Ministers plan to send capacity checkers into all secondary schools to see if they can fit in more pupils.
Local authorities could then use the updated numbers to force schools to take more pupils, documents obtained by Schools Week reveal.
Government officials also believe the checks would help to boost funding – as schools could take in more pupils – and would relieve pressure on the government to build new schools to meet any rise in pupil numbers.
A pilot involving “net capacity assessment” (NCA) visits in more than 200 mainstream schools found 6,000 potential extra places, the documents show.
‘Critical we have accurate figures’
The Department for Education now plans to carry out two years of assessments at 4,500 secondary and special schools from May next year.
Simon Lindsay, the department’s stakeholder manager, told the Schools and Academies Show last month: “Capacity data is so important. It underpins decision-making at every level. It’s critical we have accurate figures.”
Lindsay said the government “just don’t know enough about capacity in special schools”. As revealed by Schools Week, the DfE will start to record capacity figures after revelations that heads have been forced to cram pupils into converted therapy spaces and staffrooms.
Secondaries would be prioritised because of increased place pressure in recent years, he added.
Slides from a government presentation earlier this year showed officials were concerned about “significant levels” of difference between the DfE’s annual School’s Capacity and Places (SCAP) survey.
At present local authorities fill in a survey on what they believe are place numbers and unfilled spaces in their primary and secondary schools.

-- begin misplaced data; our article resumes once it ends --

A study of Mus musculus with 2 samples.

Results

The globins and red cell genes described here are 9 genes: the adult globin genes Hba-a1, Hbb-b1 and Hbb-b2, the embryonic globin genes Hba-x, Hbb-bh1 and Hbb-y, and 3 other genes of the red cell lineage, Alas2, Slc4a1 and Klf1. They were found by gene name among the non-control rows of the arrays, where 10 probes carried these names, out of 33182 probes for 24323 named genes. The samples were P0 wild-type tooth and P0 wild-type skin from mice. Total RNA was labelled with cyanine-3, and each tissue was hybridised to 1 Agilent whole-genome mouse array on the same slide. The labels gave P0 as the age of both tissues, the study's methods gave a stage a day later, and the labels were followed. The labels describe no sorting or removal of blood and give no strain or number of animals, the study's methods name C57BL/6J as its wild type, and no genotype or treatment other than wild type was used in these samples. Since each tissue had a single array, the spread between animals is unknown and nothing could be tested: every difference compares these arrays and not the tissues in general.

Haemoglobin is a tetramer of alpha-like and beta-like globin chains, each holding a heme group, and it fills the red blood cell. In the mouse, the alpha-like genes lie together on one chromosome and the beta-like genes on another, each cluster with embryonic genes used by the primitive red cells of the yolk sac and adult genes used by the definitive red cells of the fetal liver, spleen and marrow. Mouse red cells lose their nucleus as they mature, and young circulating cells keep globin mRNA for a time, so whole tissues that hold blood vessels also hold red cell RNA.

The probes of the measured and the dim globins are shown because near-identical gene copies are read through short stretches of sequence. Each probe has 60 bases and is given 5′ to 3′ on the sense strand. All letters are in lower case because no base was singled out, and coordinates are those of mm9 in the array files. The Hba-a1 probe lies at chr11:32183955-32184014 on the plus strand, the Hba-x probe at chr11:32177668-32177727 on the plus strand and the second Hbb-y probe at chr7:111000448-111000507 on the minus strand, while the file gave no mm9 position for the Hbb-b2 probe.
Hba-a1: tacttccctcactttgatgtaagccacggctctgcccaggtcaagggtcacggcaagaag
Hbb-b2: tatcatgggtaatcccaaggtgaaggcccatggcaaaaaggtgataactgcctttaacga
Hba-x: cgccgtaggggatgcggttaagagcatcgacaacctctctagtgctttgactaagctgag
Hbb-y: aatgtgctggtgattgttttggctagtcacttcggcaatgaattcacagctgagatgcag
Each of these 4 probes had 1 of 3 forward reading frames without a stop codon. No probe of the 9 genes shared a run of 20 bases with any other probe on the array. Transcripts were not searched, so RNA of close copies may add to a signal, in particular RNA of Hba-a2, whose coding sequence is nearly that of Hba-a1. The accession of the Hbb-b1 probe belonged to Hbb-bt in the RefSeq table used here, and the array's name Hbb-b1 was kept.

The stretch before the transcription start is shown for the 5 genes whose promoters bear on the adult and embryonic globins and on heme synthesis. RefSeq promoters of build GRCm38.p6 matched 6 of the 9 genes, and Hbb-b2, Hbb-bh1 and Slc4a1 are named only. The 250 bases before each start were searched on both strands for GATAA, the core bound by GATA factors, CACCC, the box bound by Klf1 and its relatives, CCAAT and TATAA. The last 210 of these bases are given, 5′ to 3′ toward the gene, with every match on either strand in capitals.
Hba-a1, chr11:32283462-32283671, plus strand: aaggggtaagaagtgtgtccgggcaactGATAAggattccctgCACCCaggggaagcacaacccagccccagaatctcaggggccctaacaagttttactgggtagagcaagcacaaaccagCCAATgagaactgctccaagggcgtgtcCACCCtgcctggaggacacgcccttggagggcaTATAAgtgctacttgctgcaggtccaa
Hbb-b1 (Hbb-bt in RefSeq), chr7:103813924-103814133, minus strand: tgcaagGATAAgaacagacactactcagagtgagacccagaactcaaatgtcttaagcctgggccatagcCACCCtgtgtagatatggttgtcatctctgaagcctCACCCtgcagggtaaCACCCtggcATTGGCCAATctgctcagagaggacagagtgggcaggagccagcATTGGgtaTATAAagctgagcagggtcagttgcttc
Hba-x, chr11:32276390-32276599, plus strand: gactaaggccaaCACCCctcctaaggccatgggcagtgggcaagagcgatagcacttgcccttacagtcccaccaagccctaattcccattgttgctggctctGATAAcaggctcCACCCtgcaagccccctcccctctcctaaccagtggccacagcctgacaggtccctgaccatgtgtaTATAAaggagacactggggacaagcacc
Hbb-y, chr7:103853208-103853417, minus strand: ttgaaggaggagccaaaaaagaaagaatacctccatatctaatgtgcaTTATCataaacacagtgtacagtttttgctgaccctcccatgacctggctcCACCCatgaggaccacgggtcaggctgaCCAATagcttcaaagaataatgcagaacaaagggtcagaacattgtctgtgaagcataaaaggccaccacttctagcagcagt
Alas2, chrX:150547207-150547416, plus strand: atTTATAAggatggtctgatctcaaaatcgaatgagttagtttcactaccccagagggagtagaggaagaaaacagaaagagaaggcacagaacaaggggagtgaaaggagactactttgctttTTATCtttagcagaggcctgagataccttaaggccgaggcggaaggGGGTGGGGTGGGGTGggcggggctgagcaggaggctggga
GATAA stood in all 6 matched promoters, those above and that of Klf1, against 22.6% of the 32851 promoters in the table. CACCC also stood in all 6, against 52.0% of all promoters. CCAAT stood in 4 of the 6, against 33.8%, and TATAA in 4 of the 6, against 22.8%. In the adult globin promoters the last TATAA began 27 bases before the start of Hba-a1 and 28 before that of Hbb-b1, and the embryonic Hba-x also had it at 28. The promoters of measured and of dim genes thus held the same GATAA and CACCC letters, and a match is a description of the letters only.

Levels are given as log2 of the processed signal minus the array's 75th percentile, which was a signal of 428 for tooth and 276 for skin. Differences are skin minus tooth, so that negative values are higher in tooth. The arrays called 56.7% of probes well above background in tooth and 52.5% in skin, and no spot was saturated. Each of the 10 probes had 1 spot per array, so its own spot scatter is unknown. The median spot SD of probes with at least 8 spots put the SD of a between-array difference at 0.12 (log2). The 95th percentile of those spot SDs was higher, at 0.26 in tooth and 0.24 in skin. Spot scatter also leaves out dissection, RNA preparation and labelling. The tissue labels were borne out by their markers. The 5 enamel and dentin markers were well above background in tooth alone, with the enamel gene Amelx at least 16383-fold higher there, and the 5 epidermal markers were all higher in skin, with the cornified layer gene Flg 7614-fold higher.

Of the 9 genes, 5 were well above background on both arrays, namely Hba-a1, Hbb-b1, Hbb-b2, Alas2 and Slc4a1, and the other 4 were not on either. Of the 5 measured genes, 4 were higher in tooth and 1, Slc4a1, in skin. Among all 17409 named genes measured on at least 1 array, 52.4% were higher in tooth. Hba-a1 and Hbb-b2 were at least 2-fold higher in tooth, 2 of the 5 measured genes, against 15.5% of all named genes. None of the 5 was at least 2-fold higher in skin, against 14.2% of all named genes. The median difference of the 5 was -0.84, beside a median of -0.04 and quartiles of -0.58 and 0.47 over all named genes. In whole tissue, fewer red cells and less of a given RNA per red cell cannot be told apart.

The latest SCAP results from May last year show that one in five secondaries in England were full or over capacity.
Schools will be ‘encouraged’ to accept visits
Officials will contract “data collection organisations” to measure room size and usage with an updated net capacity assessment tool and methodology.
Visits will not be mandatory, but officials will “strongly encourage” schools to take up the offer. Funding sign-off is expected early next year.
The DfE said visits could help to save money.
For instance, schools could identify where additional pupils could be accommodated without the need for major building work. It also meant funding for new school places was “targeted most effectively”, the DfE told Schools Week.
Documents presented to councils in June show officials “envisaged” local authorities would use the assessments as evidence in objections against academies unwilling to increase their published admissions number (PAN).
The government’s white paper pledged a beefed-up role for councils over admissions, including “backstop powers” to force trusts to admit children and the ability to challenge a school’s PAN if an increase was needed to provide “sufficient places and no suitable school otherwise agrees to provide them”.
The DfE did not respond to questions about whether this was still the plan. The schools white paper proposals are still in limbo after the recent political upheaval.
MATs ‘not confident’ on accuracy
In total, 268 schools, mainly secondaries, were visited during the pilot between November last year and February.
Before the pilot, a third of responsible bodies – such as councils – were not confident about the accuracy of their pupil capacity figures. MATs were likely to be the least confident, Lindsay said.
After the pilot, 89 per cent of schools were happy overall with their site visit. But 20 per cent – particularly special schools – suggested site visits out of term time to avoid disruption.
Many responsible bodies saw the programme as “an opportunity to endorse” capacity data used for their PAN.
Hayley Dunn, a business leadership specialist at the school leaders’ union ASCL, hoped the programme led to “positive decisions” in the best interests of pupils and staff, such as the need for additional places for some schools.
But she said the condition of school buildings should also be considered, with schools given further capital funding to address problems.
Visits must also “take into account the infrastructure and resources schools have available to ensure pupil needs are adequately supported”.
The DfE is also hoping to release a new NCA tool for local authorities to measure special schools, which will also be included in the SCAP survey from next year.